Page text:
If the $853 million fine Qualcomm (QCOM - Get Report) was assessed by South Korean regulators last month over its patent-licensing practices arguably showed why it's in the company's interests to diversify by acquiring NXP Semiconductor (NXPI - Get Report) , the antitrust charges just brought by the FTC do so even more emphatically.
The company's core mobile chip and licensing businesses, while at no risk of collapsing, is now facing a host of regulatory, competitive and growth pressures that are bound to make life challenging in the coming years.
That said, while some of the FTC's charges against Qualcomm could lead to a large fine and/or business practice changes, others appear to be on shakier ground. And there's a chance that a pending leadership change at the Commission could result in the case being dropped or Qualcomm getting off with a slap on the wrist.
Much like the case brought by Korean regulators, as well as the probe being conducted by EU authorities, the FTC's suit against Qualcomm has much to do with the ties between the company's chip and licensing operations. In a partially redacted complaint, the Commission alleges:
- Qualcomm would only supply its baseband modems to phone makers that agreed to its "preferred" license terms, and that those using modems for rival suppliers had to "pay elevated royalties to Qualcomm" for the privilege. As a result, the Commission thinks Qualcomm has been able to achieve royalty rates well above what it could be expected to get via the fair, reasonable and non-discriminatory (FRAND) licensing terms agreed to by other owners of standards-essential mobile patents.
- Qualcomm has refused to license its standards-essential patents to rival baseband modem makers such as Intel (INTC - Get Report) and Samsung. As a result, these rivals can't convey the rights to Qualcomm's mobile patents to their customers, which in turn gives Qualcomm leverage in its licensing talks with those customers.
- From 2011 to 2016, Qualcomm had a modem exclusivity deal in place with Apple (AAPL - Get Report) . This deal involved Qualcomm providing "billions of dollars in conditional rebates" to Apple that amounted to partial royalty relief, in exchange for Apple solely using Qualcomm modems within iPhones and iPads.
The FTC concludes by declaring Qualcomm has "monopolized" the 3G EV-DO (CDMA) and 4G LTE baseband modem markets, and that its licensing deals and supply agreements with phone makers amount to an "unreasonable restraint of trade." It calls on a Northern California federal court to issue a permanent injunction against these perceived violations, and to "order ancillary equitable relief."
Qualcomm's shares fell 4% on the news on Tuesday. They're up 1.1% today following analyst defenses of the company. Chances are that Tuesday's decline would've been larger if not for the pending $47 billion NXP deal, which lowers Qualcomm's dependence on mobile baseband and royalty revenue streams.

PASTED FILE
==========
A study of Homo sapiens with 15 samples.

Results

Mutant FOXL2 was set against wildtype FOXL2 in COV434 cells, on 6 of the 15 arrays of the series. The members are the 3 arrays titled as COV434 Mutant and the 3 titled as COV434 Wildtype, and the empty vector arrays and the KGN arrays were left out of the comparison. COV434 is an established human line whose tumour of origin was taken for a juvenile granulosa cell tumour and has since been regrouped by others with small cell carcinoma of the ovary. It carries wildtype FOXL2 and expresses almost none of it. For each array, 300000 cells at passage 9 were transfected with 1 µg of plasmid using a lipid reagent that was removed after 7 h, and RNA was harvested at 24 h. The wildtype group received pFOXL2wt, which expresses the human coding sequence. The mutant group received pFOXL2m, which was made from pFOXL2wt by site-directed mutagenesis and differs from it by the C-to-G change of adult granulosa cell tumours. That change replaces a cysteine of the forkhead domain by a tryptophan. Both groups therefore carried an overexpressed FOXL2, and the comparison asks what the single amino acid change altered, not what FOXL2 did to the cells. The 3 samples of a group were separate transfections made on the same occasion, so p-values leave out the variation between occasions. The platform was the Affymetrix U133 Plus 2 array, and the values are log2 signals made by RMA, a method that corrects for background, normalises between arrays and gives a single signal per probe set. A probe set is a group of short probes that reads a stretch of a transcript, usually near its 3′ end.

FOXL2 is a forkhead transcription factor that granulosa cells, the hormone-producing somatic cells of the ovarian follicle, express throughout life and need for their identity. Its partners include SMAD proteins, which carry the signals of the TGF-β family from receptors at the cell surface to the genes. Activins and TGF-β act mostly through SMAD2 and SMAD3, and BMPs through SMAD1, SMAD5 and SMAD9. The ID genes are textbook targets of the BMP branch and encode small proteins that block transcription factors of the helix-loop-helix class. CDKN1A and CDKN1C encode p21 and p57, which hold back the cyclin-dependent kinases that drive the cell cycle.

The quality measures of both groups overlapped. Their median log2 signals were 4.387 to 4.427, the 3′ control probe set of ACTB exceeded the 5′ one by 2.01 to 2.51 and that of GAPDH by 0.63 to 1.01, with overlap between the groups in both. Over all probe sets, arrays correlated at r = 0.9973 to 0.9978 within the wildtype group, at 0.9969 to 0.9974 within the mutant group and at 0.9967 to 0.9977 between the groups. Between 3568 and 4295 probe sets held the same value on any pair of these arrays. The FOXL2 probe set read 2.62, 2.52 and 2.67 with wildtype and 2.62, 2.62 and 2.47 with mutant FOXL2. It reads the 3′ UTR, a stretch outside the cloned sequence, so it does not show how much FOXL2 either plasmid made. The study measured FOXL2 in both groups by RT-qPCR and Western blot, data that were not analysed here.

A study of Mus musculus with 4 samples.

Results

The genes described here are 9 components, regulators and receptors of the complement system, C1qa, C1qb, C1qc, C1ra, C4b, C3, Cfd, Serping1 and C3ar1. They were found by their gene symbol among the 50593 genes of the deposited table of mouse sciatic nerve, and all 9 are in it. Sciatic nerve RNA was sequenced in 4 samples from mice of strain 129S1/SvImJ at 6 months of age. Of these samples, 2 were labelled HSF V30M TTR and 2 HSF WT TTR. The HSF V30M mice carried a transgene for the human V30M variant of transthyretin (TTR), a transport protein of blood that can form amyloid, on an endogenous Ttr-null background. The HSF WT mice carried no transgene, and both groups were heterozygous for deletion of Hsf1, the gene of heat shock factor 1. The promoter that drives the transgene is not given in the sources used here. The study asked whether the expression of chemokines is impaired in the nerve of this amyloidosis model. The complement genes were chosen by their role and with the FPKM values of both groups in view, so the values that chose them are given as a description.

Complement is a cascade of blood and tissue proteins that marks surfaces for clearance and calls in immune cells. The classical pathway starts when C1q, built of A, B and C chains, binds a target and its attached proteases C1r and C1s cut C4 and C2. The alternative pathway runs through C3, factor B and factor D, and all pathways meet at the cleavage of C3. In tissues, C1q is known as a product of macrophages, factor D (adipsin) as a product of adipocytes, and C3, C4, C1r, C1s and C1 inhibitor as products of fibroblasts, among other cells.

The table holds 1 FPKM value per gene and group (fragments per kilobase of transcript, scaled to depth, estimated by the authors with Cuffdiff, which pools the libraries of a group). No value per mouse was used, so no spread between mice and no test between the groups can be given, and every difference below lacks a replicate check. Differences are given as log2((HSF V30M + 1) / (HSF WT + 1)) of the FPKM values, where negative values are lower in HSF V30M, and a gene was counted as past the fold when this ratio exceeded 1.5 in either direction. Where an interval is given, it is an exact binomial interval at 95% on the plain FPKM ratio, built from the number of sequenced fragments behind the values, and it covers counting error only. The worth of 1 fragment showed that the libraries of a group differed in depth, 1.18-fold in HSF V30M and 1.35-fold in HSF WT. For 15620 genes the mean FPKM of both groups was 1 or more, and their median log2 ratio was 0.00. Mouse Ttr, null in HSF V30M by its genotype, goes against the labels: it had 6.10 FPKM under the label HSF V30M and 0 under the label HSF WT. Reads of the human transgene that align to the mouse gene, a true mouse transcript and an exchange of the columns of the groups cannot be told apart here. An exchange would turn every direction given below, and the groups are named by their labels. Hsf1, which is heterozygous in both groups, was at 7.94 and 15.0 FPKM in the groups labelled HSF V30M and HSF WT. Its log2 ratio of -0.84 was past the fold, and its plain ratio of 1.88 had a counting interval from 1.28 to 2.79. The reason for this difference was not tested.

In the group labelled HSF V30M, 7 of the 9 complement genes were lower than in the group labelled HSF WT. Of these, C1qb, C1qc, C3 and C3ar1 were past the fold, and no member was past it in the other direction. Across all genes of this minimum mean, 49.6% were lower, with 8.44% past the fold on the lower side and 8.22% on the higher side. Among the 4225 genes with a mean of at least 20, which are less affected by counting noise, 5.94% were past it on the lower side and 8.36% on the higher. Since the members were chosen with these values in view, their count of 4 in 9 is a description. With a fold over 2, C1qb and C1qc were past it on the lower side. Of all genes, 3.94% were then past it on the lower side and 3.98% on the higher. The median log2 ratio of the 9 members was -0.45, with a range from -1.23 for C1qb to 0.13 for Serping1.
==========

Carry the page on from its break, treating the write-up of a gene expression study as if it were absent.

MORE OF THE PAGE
Qualcomm was quick to respond to the suit, declaring it's "based on a flawed legal theory, a lack of economic support and significant misconceptions about the mobile technology industry." The company insists it "never withheld or threatened to withhold chip supply in order to obtain agreement to unfair or unreasonable licensing terms."
In Qualcomm's defense, the company does face credible 3G/4G modem competition. As the FTC admits, Apple began partly relying on Intel for its iPhone modem needs last year, via the iPhone 7 launch. Taiwan's MediaTek and China's Spreadtrum supply a number of Chinese phone makers, and Samsung partly uses its own 4G modems within its phones. If Qualcomm is indeed providing royalty kickbacks in exchange for the exclusive use of its chips, and charging "elevated" royalties on sales of phones using rival modems, the strategy has only been modestly successful.
At the same time, charging higher royalty rates on sales of phones that don't feature Qualcomm modems would -- assuming the FTC's claims are accurate -- appear to be an antitrust violation. If the difference in royalty rates is significant -- Qualcomm often keeps details about its licensing deals under wraps -- changes in licensing agreements that remove this "tax" on the use of rival products would ding Qualcomm's royalty income, which still accounts for a majority of its operating profit.
And perhaps more importantly, the FTC's claim that Qualcomm doesn't grant rivals standards-essential patent licenses that allow them to convey those licensing rights to customers is echoed by Korean regulators, and at first glance seems to break with licensing norms.
If rival chipmakers are able to pass on such licensing rights to clients, those clients would probably still need licenses from Qualcomm, just as they need them from other big mobile patent owners such as Nokia (NOK - Get Report) and Ericsson (ERIC - Get Report) . But it could give them more leverage in licensing talks to negotiate lower royalty rates, given how high Qualcomm's rates are (up to 5% for phones supporting 3G networks) and the fact many of the company's older 3G patents have expired.
But as The Deal's Bill McConnell pointed out, Donald Trump's pending inauguration could help provide Qualcomm with a reprieve. Republican Commissioner Maureen Ohlhausen dissented from the FTC's decision, and is expected to be named chairwoman after Trump takes office. And as Qualcomm notes, current chairwoman Edith Ramirez (a Democrat) is about to depart and only 3 of 5 FTC commissioners are currently in place.
All of that paves the way for a majority-Republican FTC, one that could take a very different view of the agency's case against Qualcomm. But given the nature of the FTC's allegations, and the existence of overseas regulatory probes that touch on the same or related issues, it's far from certain that this case will be completely swept under the rug following an FTC leadership change.